The Arkansas Republican Party plan to end the state income tax may eventually get the attention it deserves.
Despite a long professed love for a sales tax (seen in, among others, proposed Republican legislation, a draft and past platform statements and frequent campaign pronouncements by GOP politicians) and the dead certainty that an increase in the sales tax is the only way to cover a $3 billion loss of revenue from end of the state income tax, the Republican Party is choosing for now to play make believe. It wants voters to believe you can end the income tax without specifying an alternative revenue source. It's bad for politics to admit you'd need a 15 percent state sales tax rate to make up for a bonanza for the wealthy that elimination of the state income tax would produce. And to admit there's no option but the sales tax for such a crippling revenue loss.
Some Republicans lamely argue the income tax reduction would be gradual and be replaced by the prosperity sure to ensue from increased economic activity. It would take a tidal wave of investment beyond anything ever experienced for that to be true.
A reader last night sent a link to an interesting sounding of economic experts on this theory on the national level. The economists tend to favor, though not overwhelmingly, the idea that a federal income tax cut could spur a growth in GDP. But replace the lost revenue by tax revenue generated from growth? A whopping 71 percent disagree with the notion that tax revenue would be higher in five years after an income tax cut. But what do a bunch of economists know? Wouldn't you rather get your economic advice from a reactionary Republican who's a struggling chicken farmer in Mena?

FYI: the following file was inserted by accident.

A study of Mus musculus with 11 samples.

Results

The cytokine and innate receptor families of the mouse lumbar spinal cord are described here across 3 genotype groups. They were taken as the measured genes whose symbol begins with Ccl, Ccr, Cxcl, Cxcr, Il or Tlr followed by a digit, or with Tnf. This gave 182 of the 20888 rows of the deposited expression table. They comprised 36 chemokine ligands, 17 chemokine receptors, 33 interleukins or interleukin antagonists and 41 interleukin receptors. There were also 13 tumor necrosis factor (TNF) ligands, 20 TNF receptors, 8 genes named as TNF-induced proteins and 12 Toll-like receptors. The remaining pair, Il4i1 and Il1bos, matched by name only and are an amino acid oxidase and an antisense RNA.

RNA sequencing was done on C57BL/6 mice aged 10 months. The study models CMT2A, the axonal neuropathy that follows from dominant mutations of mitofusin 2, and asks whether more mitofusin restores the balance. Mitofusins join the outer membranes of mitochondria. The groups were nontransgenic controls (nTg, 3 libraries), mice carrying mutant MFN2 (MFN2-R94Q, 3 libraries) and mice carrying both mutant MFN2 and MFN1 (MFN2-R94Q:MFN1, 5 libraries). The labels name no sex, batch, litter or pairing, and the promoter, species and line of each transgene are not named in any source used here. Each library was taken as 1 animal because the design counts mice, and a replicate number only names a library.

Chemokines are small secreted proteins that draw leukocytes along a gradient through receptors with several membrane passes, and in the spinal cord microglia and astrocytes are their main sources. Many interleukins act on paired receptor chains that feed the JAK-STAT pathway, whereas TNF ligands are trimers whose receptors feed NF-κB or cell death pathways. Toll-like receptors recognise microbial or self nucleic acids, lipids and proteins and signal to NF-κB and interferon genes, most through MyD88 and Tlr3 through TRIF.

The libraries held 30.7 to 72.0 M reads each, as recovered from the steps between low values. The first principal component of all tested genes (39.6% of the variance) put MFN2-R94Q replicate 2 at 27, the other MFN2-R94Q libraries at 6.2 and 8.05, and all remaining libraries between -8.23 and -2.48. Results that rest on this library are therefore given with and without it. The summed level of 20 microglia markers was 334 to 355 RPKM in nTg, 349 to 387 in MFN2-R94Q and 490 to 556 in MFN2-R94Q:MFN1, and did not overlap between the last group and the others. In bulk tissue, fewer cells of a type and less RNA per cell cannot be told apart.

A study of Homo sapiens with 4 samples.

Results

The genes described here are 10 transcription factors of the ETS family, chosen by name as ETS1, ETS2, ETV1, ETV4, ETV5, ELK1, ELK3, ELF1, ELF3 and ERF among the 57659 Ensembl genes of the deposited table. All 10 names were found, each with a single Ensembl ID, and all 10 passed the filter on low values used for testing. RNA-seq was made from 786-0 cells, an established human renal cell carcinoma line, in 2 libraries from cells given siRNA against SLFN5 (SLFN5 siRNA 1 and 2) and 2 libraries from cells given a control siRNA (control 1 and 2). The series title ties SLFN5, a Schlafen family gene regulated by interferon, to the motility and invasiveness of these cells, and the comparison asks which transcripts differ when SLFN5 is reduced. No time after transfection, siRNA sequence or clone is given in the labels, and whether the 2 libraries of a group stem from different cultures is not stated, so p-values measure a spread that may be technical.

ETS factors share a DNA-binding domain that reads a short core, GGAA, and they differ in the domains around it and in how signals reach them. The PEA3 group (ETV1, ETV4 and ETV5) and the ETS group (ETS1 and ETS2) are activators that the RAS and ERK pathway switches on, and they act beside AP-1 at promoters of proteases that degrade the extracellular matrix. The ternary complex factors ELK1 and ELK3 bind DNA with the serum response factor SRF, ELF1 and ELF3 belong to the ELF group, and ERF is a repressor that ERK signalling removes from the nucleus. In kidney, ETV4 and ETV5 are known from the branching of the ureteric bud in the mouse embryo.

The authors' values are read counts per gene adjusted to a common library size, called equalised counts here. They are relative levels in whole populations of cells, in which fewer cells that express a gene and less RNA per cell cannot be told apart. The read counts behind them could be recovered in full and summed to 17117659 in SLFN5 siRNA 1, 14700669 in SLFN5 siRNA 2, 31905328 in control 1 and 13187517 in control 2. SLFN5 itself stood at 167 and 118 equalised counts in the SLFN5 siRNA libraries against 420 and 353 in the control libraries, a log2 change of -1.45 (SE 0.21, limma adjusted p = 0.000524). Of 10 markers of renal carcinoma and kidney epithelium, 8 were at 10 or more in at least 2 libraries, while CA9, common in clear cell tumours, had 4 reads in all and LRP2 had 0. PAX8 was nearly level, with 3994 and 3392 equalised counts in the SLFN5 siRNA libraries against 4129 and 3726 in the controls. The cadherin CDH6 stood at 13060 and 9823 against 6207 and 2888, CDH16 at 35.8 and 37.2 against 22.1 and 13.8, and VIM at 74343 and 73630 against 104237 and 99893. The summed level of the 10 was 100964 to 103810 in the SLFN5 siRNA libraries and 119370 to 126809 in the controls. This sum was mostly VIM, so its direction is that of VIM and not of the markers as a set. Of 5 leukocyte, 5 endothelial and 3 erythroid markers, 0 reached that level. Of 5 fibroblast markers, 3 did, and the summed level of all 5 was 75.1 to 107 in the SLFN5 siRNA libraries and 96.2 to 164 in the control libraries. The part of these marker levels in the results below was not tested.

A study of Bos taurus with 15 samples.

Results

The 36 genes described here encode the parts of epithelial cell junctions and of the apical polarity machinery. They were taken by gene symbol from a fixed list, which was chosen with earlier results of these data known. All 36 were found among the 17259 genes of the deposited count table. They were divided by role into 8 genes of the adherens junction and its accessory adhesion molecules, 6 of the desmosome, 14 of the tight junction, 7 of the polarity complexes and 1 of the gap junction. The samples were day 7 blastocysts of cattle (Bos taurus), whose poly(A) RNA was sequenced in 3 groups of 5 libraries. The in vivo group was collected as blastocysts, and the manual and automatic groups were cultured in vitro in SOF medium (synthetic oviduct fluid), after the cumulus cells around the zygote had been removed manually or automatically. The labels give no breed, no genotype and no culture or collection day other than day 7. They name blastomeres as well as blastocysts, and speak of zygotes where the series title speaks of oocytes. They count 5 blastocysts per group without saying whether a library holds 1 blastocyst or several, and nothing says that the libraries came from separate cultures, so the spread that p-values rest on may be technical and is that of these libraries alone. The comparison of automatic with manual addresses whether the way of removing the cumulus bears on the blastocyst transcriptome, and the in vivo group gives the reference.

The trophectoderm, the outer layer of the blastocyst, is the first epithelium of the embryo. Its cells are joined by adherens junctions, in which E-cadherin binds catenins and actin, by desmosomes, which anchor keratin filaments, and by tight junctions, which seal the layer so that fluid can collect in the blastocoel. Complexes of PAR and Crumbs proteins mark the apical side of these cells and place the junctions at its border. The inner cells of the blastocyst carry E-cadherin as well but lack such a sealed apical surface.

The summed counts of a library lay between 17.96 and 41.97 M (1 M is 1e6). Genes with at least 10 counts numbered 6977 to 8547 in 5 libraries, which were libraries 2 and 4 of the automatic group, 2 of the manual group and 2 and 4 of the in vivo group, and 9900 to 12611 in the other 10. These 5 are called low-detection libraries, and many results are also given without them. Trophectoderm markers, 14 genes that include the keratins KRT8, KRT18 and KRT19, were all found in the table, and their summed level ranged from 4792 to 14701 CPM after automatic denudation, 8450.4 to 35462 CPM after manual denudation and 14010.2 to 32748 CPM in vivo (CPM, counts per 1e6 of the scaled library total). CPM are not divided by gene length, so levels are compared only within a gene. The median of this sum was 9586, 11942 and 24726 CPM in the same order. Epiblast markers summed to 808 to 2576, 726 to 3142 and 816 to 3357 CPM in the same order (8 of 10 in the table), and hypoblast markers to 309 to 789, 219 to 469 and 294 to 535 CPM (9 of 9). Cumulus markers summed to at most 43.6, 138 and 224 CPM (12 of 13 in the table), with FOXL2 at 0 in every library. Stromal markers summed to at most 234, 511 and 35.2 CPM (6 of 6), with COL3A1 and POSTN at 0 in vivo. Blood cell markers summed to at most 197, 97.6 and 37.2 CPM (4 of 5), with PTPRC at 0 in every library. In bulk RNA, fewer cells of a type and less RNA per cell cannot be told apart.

PS — Some of the commments are funny on that economists' link, such as Austin Goolsbee from University of Chicago on notion that tax cut would increase revenue to government:
Moon landing was real. Evolution exists. Tax cuts lose revenue. The reasearch has shown this a thousand times. Enough already.
Let me remind you again what that income tax elimination proposal is really about, based on a breakdown of the tax burden in the most recent full year of statistics available.
3,077 Arkansans reporting taxable income (after deductions) of more than $500,000 reported $3.8 billion in income and paid $263 million in taxes for 2010. Their savings of $263 million from ending the income tax would be more than $87,000 each (bad typo in original post corrected on this figure). The Mitt Romneys among them would sock that money into the Cayman Islands.
Poor folks, who'd save in the hundreds of dollars on income tax elimination, would either a) pay a big chunk of it in the increased sales taxes necesssary to keep operating state government or b) see a huge portion of state services they use slashed to the bone, including medical care, education, college and other important services, not to mention the need for increased home security on account of the people that would be turned loose from prisons. These are not the people for whom the Republicans platform is crafted.